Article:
By Merv Budd
When we talk about the mission of the church we are talking about a mission that is fundamentally evangelistic. The mission of the church is primarily shaped by the good news of God’s Kingdom. The effective sharing of that good news both experientially and verbally with those who are strangers to it is essential to that mission.
By and large the old paradigm of evangelism has not fit well as the missional church conversation has progressed. Some have chosen to avoid the evangelism piece of sharing our faith, thinking that somehow it is possible to become a missional church without it. Of course this is simply not possible, like trying to lift up the head side of a coin while leaving the tail side. It can’t be done. Failing to engage the evangelistic task is failing to engage the missional task.
What I am proposing is a fresh encounter with the evangelistic nature of the mission. By and large evangelism has been characterized by four primary assumptions, which for the sake of alliteration I summarize in this way:
- Evangelism is Proclamation
- Evangelism is Propositional
- Evangelism is Punctiliar
- Evangelism is Personal
In the next few blogs I’d like to explain what I mean by each of these and how, standing alone, they do not fit well (perhaps even repel) within a missional DNA among the present Western cultural mood. While critiquing these assumptions I’d like to suggest how we might approach the evangelistic task a bit differently in order to better cooperate with God’s evangelistic mission.
Evangelism is Proclamation
The act of proclaiming is always done by one who is informed to one who is not. By default it comes across as arrogant. “I know something that you don’t know” kind of arrogant. By proclaiming it seems as if the one doing the proclaiming is somehow enlightened and that leaves those to whom they are proclaiming feeling ignorant or at least accused of being such. And while we would hope that the posture of the one proclaiming is like “one beggar telling another beggar where to find bread,” often it comes across as less contrite than that.
In critiquing the “Evangelism is Proclamation” assumption, I am not at all suggesting that the necessity for proclamation is not needed. I am saying that we need to discern the time to proclaim, and it is discerned by first learning to listen.
Advocates of proclamation evangelism will quote Romans 10:17, “Faith comes by hearing” and so they reason that filling quiet with the words of the Gospel message will bear the most fruit. While words are needed, the passages which Paul quotes from in Romans 10 to justify the need for hearing, appeal to wordless proclamations.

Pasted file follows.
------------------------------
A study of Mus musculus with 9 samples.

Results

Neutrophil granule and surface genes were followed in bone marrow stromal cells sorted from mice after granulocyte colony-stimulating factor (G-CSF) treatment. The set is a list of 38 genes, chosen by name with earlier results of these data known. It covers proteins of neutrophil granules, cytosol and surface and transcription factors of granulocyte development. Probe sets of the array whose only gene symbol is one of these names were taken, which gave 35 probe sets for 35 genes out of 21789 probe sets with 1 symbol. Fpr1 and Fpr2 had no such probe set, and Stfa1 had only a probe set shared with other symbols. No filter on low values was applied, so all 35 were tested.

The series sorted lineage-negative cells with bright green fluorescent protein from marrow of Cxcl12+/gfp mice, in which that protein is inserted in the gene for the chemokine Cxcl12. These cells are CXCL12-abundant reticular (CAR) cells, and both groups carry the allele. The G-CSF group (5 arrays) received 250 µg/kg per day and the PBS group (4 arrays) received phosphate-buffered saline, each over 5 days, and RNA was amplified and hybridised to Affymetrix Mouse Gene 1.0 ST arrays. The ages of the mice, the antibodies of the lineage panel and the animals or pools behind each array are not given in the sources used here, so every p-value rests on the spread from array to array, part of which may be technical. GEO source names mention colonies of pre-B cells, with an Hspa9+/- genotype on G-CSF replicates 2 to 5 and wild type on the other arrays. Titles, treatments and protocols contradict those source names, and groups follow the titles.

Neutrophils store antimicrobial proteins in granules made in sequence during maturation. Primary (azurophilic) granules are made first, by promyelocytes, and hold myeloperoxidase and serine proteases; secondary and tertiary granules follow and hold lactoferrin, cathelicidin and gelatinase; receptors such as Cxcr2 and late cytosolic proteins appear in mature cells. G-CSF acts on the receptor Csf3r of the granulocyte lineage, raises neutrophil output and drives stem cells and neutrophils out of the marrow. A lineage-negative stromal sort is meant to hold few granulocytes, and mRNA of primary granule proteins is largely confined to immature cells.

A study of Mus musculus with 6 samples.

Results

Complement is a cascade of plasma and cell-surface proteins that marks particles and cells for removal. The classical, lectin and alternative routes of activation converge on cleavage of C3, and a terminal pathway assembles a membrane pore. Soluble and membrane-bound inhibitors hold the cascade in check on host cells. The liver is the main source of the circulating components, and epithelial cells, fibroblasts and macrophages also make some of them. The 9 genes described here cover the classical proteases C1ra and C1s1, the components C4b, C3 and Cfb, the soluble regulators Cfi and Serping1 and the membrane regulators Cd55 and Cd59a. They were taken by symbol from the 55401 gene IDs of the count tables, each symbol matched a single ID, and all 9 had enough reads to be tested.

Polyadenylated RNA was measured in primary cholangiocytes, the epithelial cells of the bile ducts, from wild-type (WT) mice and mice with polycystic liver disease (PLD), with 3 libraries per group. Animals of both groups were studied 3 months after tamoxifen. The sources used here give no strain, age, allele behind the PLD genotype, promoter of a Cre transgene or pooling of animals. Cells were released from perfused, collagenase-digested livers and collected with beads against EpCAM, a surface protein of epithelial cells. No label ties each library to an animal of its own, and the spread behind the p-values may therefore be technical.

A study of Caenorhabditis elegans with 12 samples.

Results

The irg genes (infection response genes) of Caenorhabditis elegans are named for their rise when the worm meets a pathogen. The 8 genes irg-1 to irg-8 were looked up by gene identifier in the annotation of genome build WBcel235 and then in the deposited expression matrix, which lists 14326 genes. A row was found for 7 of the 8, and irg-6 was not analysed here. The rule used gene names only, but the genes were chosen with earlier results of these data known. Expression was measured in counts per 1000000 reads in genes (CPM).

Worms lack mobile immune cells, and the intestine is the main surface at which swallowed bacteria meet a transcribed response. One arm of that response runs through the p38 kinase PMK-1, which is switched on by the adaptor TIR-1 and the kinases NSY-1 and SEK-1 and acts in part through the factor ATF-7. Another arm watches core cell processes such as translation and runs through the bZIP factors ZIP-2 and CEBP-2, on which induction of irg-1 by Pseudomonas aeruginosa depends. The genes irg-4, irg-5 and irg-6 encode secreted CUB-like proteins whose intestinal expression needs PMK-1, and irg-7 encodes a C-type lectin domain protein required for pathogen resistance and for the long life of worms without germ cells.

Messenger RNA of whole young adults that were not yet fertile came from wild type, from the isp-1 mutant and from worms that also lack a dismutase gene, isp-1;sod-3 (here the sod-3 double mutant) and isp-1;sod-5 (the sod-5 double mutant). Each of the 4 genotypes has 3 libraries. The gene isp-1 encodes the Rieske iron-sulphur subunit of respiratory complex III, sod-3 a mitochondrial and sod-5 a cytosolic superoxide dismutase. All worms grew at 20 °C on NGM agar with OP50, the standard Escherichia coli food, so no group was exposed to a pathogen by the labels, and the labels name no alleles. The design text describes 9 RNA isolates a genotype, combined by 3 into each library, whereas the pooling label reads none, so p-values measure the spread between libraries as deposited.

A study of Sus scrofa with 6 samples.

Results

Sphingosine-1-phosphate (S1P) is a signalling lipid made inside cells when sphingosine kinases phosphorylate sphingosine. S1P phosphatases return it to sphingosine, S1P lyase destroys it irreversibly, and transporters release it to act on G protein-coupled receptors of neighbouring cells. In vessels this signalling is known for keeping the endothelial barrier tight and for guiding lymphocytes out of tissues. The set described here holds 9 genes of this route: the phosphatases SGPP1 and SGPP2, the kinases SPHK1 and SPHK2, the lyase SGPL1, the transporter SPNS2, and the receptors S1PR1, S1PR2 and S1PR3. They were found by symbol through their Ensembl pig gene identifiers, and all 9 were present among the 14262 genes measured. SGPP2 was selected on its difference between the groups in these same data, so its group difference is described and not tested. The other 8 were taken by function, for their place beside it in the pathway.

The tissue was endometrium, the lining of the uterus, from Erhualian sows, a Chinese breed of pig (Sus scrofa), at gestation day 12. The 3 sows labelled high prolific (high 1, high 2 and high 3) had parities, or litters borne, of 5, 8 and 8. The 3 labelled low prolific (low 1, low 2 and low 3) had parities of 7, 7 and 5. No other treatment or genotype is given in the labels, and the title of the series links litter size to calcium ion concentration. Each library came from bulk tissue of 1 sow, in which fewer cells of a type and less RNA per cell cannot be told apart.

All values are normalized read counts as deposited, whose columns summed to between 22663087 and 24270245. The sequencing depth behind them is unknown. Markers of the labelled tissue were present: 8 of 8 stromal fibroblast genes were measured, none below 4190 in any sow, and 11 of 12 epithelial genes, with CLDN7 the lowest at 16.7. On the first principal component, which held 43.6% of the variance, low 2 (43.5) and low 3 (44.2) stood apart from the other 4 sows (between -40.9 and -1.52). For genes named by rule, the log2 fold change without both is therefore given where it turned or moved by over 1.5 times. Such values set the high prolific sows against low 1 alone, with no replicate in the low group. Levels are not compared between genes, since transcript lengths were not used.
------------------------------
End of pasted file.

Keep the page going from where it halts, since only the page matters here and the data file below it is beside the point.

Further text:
Here is how Paul frames his argument:
But not all the Israelites accepted the good news. For Isaiah says, “Lord, who has believed our message?” Consequently, faith comes from hearing the message, and the message is heard through the word about Christ. But I ask: Did they not hear? Of course they did:
“Their voice has gone out into all the earth, their words to the ends of the world” (Romans 10:16 – 18).
Paul first quotes from Isaiah 53:1, but in context this verse reads as follows:
For what they were not told, they will see, and what they have not heard, they will understand. Who has believed our message and to whom has the arm of the Lord been revealed (Isaiah 52:15b – 53:1)?
The message they do not believe is that which they have seen but not been told, and what they have not heard. In other words it was a wordless proclamation.
Similarly, he quotes form Psalm 19:4. In context the passage quotes reads as follows:
The heavens declare the glory of God; the skies proclaim the work of his hands. Day after day they pour forth speech; night after night they reveal knowledge. They have no speech, they use no words; no sound is heard from them. Yet their voice goes out into all the earth, their words to the ends of the world (Psalm 19:1 – 4).
Once more the message has no speech and no words. While I am not at all arguing against the proclamation of God’s Word, what I am arguing is that God’s Word is already being proclaimed and sometimes, in our rush to speak, we actually drone out God’s voice.
If we engage the evangelism task as first a listening engagement, in which we are listening to hear how God might be already proclaiming to those we care about, we might then be in a better position to help verbalize what God is already saying. What I am encouraging is conversation that will lead to proclamation as we are invited to speak.
It is in the context of conversation that the humility of our witness would sufficiently disarm the one with whom we are engaged so that they might also humble themselves in order to inquire as to “the reason for their hope.” Then we will be able to explain “the word about Christ” as Paul wrote, or the “Jesus piece” which can so easily be left out of the missional engagement.
In my next article, we’ll look at the propositional side of evangelism.